WHAT IT'S ABOUT:
Two academic superstars and best friends who, on the eve of their high school graduation, realise they should have worked less and played more. Determined not to fall short of their peers, the girls try to cram 4 years of fun into 1 night.
WHAT WE THOUGHT:
Having studied film for several years the number of movies that I had to watch for men, about men and starring men was large. I would say that many (if not all, bar one about Legally Blonde's use of pink) of my analytical essays were about films that centred the male adolescent journey.
From serious dramas to comedies and everything in between. I didn't realise how much that narrative had affected me until I watched Booksmart; it was like exhaling even though I didn't know I was holding my breath.
This movie – directed by Olivia Wilde – is about women, for women and starring women. It's a celebration of sex, friendship and youth in a way that I've never seen before — with laugh out loud funny scenes, intermingled with moving character development and accurate depictions of being at the end of one chapter and the start of another.
Beanie Feldstein (who plays Molly) and Kaitlyn Dever (who plays Amy) manage to give you two performances to fall in love with while not stepping on each other's toes. Both characters are given the space they need to shine and for the audience to get to know them. And to get to know Amy and Molly is to love them.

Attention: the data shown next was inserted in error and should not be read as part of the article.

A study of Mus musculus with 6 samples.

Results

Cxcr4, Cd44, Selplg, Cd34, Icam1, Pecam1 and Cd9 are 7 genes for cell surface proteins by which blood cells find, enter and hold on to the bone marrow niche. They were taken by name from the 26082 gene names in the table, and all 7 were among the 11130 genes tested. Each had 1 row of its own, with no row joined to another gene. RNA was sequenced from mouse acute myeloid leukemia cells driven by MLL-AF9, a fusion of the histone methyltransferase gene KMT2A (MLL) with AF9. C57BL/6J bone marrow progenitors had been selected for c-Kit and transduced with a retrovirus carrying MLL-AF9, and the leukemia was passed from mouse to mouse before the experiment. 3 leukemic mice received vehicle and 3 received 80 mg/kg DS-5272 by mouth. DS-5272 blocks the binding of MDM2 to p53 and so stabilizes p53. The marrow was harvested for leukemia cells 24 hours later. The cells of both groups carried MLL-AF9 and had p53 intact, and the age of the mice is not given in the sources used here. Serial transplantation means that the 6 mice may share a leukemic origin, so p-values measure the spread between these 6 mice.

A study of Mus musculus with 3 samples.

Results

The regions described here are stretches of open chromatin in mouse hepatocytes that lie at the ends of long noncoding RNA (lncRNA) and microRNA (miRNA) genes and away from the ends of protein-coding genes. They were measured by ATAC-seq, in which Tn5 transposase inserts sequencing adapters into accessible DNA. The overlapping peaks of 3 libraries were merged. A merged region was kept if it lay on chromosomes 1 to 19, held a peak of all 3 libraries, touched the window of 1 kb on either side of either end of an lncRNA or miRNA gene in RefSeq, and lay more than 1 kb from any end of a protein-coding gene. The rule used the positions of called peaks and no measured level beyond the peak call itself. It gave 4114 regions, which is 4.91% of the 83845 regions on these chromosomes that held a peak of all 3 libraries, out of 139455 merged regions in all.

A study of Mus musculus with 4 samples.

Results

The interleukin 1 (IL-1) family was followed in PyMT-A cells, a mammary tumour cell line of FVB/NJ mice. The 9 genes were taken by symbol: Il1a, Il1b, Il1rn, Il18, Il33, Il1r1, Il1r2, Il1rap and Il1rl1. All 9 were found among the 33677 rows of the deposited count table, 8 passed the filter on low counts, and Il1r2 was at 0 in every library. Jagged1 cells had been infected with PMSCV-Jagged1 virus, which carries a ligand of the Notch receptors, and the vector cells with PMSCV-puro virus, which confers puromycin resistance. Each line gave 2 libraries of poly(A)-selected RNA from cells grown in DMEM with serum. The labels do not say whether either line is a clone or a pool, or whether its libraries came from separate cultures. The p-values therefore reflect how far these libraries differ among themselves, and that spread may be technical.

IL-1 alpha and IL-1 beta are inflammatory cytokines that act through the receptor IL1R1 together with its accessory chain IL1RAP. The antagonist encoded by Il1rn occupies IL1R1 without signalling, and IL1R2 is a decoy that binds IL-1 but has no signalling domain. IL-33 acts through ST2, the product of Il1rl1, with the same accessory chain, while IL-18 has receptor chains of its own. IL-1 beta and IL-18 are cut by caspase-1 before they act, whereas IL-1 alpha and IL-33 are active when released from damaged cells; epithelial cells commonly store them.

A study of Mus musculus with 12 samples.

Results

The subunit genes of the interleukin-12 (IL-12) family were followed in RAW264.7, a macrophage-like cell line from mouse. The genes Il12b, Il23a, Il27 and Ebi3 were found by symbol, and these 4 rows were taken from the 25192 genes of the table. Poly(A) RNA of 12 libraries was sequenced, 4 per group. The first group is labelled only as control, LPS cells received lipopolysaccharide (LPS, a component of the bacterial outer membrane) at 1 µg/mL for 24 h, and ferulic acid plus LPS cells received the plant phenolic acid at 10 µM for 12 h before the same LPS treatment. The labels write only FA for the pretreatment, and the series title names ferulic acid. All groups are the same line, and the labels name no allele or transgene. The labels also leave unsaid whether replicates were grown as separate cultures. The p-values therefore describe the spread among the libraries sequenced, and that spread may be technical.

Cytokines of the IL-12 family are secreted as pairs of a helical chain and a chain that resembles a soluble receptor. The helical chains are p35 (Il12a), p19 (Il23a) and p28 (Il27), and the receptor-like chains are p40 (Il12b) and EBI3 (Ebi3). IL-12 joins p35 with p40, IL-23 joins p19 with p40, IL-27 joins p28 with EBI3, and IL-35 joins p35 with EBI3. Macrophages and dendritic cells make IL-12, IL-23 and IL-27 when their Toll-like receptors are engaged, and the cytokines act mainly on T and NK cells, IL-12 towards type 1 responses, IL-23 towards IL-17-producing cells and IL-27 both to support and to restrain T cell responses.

My absolute highlight was Olivia's direction. The shots are so lush in parts and so intimate in others that I just wanted to live in her world for the rest of my life. She puts emphasis on what she wants you to see in a way that doesn't feel forced but feels more like organic storytelling. So masterful, so dream-like but at the same time very true-to-life. Especially for me.
I grew up a nerd, just like Amy and Molly. I didn't party enough and realised a little late in the high school experience that I could live a little.
Another thing I loved about this great comedy with heart was the way that Billie Lourd's character of Gigi was introduced; it has to be one of my favourite scenes of the film, and it reminded me of the scene in Mean Girls where Regina George was first introduced. It just let me know that this was someone that would become an iconic meme; a gem whose lines I would reference for quite some time.
I also really, really enjoyed the way that Amy's sexuality is talked about in the film. She out and struggling about being queer isn't the definitive trait of her character.
That's an important story to tell, yes, but I think a fresh take is so great. LGBTQIA characters can have happy endings too. You can laugh at her journey in the same way that you laugh at the heterosexual character's awkward moments, and I loved that.
For that reason and a whole lot more (including but not limited to a hilarious sex scene), I wish this movie was around when I had just finished high school, but I am so happy it exists for today's teens and the young at heart.